So canning season is over. (This is where I start singing the Hallelujah Chorus loudly and with extreme gusto.) Let me say for the record that I am immensely happy that all canning has ceased for the year. So happy, that I may or may not have sobbed with relief when I put the box of canning equipment up on a high shelf out of sight.
This has been an epic canning season. In fact, you could say that I canned like I never canned before. The proof is not so much in the pudding, but on the storage shelves:
Looking at these shelves I feel… exhausted to be honest, but also slightly proud and very excited to have such a nice stockpile of homemade, healthy food for the coming year. There is a thin line between wisely stock-piling food and earning a spot on the t.v. show Hoarders. I figure I’m two shelves short of an intervention.
I suspect this conglomeration of pride, tiredness, and glee is how a squirrel feels when he has stored a million nuts in his tree against the coming winter. So I guess you can say I’m a little squirrel at heart.
Speaking of squirrels and nuts, let me tell you about my latest food project. Because I obviously have obsession issues and no idea how to stop! storing! food!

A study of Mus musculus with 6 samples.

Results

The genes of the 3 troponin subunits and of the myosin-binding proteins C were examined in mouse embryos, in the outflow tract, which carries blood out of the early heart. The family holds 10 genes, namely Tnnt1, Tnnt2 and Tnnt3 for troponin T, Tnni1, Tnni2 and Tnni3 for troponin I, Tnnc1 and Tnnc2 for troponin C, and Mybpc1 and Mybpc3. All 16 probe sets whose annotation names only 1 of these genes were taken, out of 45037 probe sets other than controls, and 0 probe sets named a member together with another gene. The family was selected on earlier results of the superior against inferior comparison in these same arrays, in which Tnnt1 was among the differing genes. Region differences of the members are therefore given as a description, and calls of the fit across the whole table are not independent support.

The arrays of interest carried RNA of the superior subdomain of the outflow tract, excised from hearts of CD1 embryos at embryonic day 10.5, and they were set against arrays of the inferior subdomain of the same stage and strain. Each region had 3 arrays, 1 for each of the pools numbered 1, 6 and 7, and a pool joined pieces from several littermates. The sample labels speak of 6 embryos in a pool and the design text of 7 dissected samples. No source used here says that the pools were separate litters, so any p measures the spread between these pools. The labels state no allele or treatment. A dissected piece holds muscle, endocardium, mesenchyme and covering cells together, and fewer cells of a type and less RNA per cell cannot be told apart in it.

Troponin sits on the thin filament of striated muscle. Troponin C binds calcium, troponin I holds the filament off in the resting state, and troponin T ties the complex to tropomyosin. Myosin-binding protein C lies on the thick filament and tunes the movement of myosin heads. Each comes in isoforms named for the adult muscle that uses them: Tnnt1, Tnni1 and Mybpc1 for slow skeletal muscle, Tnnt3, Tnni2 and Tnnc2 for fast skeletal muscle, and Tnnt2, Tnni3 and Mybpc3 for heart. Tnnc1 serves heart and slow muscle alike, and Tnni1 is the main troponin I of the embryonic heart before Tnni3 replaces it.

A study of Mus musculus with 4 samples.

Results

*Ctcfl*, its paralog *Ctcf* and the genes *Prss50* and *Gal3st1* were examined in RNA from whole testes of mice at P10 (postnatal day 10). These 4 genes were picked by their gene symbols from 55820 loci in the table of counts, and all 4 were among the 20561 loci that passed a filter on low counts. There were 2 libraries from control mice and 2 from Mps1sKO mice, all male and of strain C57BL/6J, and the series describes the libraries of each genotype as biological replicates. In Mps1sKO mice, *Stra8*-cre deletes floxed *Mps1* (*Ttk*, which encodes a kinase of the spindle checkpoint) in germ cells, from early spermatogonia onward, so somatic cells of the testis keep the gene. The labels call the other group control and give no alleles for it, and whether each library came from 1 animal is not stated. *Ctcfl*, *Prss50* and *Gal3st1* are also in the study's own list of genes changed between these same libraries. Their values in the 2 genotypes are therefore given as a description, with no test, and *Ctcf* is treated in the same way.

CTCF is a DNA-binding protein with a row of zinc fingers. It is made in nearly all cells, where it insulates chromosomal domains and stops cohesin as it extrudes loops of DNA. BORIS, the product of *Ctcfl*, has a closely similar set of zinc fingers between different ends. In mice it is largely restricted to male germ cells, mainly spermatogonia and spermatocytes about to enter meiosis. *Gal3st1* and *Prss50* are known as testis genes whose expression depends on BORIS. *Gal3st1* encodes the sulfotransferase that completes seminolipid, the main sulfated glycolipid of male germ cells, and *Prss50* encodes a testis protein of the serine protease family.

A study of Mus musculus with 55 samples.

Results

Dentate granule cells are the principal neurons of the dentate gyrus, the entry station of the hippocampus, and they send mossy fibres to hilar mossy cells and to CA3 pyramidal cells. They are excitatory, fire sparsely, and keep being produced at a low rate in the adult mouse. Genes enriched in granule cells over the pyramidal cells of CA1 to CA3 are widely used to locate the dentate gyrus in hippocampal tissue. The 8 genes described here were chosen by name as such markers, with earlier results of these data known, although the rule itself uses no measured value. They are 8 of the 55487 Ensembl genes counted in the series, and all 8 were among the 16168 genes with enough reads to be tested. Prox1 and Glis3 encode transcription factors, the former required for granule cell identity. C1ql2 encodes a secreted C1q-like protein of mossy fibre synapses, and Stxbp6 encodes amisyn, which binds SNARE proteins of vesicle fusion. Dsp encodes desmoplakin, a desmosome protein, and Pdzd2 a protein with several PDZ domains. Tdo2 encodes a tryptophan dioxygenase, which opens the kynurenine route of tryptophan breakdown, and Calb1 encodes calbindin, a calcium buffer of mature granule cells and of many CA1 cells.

I am gathering and drying black walnuts. Which is actually not as simple as it sounds.
First you have to locate a black walnut tree. I’m lucky (or cursed) because my mother has one in her yard and my friend has four at her house. Second, you wait for the walnuts to fall to the ground (and hopefully not on your head.) Third, you break your back. And look like you’ve contracted leprosy.
Here are the walnuts when they fall off the tree.
This is where it gets interesting.
You have to somehow rip that greenish husk off of the nut, let the nuts dry out, and then let the nuts cure in a well ventilated, dry, cool place for a couple months. Only then you can crack the walnut, extract the walnut meat, and store it in your freezer.
Did I say interesting? I meant exhausting and physically draining.
After my mother drove her lawnmower over the walnuts in her yard to smash the green husks, I spent three hours picking up those poor demolished pulps and extracting the actual nut from inside. THREE hours of back-breaking labor and I got fifteen gallons of nuts. ONLY FIFTEEN GALLONS.
Not to mention, I got walnut stain all over my hands, in particular my thumbs. I promise you it’s walnut stain, not some disease.
And I got these wearing two pairs of gloves, yo. Walnut stains are ______ (this is where you may fill in the blank with the four letter adjective of your choice, mine is ‘hell.’) But I shouldn’t worry, because all this stuff should come off in a three or four weeks, that’s all.
Here are the walnuts drying out.
Here are the walnuts ready to be stored and cured for a couple of months.
Hours of hard labor, sweat, tears, and disfigured thumbs= Fifteen gallons of walnuts= approximately three pounds of shelled walnuts. I will never again complain about the price of nuts in the store. Ever.
No wonder squirrels are so squirrelly. Walnuts would drive anyone insane.